In Montgomery County, where nearly half of those aged 70 and older report having some kind of disability, the number of guardianship cases is increasing. Guardianship filings with the Montgomery County Circuit Court have doubled since 2008, reaching 300 in fiscal year 2013. In response, the Montgomery County Circuit Court, Family Division Services, has begun a new program to help guardians carry out their role.
Judge Cynthia Callahan, who heads the Court’s Family Division, said, “Many people aren’t aware of services for disabled persons or the assistance the court can give guardians in filling out forms and required annual reports. We are trying to put a process in place to identify those who might need some help and to make the documentation and available services less mysterious.”
Guardianship is a legal procedure in which a court determines that a person is in need of protection because a disability, hospitalization or other impairment makes the person incapable of making personal decisions. The court appoints an individual or agency to make decisions about the person’s daily life, such as medical care or housing. Depending on the circumstances and the relationship, the guardian may provide needed services directly or may hire others to do so.
“As this is a pilot program, we are looking to gather data on what works and what doesn’t work. Since 60 percent of the court docket concerns family related issues and services, we think the project is a worthwhile undertaking and the right thing for us to be doing,” Callahan said.
Three guardianship assistants have been selected from an applicant pool of social work graduate students. Each will meet with a guardian, the person under guardianship and any other people involved in the person’s daily activities. The assistant will help guardians address issues that might be interfering with their ability to fulfill their responsibilities and will identify services and other resources to help resolve the issues.
“Being a guardian of a person can be very demanding, and most people who are appointed guardian have never played that role before. A guardian may not fully understand what they are required to do and also may not be aware of the range of public and private resources that can provide assistance,” said Deborah Zuckerman, who coordinates the new program.
Guardians’ roles vary from case to case, but they typically have to determine where a person will live, provide for the individual’s care and welfare, make medical treatment decisions and advocate for effective services.
“The assistants will make sure guardians know and understand their duties, help locate home health agencies if needed and also help guardians locate respite programs so they can get a break. They will also help identify housing options and where guardians can apply for any needed financial assistance,” said Zuckerman.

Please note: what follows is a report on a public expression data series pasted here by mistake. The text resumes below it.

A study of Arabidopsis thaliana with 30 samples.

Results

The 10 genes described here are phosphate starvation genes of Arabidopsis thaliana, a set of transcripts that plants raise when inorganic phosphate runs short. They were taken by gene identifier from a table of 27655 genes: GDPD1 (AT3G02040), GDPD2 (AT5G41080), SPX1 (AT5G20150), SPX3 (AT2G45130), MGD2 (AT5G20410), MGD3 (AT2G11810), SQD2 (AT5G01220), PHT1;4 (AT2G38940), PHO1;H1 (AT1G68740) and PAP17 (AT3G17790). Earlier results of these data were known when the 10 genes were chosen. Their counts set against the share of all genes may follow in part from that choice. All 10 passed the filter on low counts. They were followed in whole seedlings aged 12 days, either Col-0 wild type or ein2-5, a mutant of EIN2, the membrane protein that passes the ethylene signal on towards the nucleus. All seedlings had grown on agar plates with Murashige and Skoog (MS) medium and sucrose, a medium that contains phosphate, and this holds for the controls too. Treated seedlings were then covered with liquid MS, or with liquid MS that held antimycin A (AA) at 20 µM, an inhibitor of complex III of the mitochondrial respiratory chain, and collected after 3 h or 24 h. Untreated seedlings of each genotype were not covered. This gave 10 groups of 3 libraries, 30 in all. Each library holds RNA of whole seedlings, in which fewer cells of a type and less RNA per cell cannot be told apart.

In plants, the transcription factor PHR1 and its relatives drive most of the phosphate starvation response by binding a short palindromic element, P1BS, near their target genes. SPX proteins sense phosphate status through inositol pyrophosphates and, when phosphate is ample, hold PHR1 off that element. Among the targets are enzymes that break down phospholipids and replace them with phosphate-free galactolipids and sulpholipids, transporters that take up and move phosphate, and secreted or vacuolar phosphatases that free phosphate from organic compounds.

“Guardianship is a double-edged sword. It is a positive, protective device that can help to keep people with diminished capacity from harm and help them retain as much independence as possible. Yet, by its very nature, guardianship removes fundamental rights. Because of this, and because it is time-consuming, expensive and stigmatizing, guardianship should only be sought as a last resort, after all less restrictive alternatives have been eliminated,” said Zuckerman.
Becoming a guardian requires a formal petition to the Circuit Court. The court will grant the petition if it finds by “clear and convincing evidence” that the person does not have sufficient understanding or capacity to make personal decisions.
A person may need a guardian when:
a person can no longer manage personal or financial affairs because of diminished capability; and
a voluntary arrangement for decision making has not been made (such as a durable financial power of attorney or an advance health care directive); and
serious harm will come to the individual if a legally-authorized decision maker is not appointed.
Guardianship also may be necessary when:
someone with power of attorney or other legal authority has misused that authority or another party challenges the validity of the arrangement or a particular action; or
family members or other trusted individuals are in dispute and cannot agree on a course of action.
For information on guardianship and the new program, call the Circuit Court’s Family Division Services, (240) 777-9060, or, for senior services, Montgomery County’s senior resource line at 240-777-3000.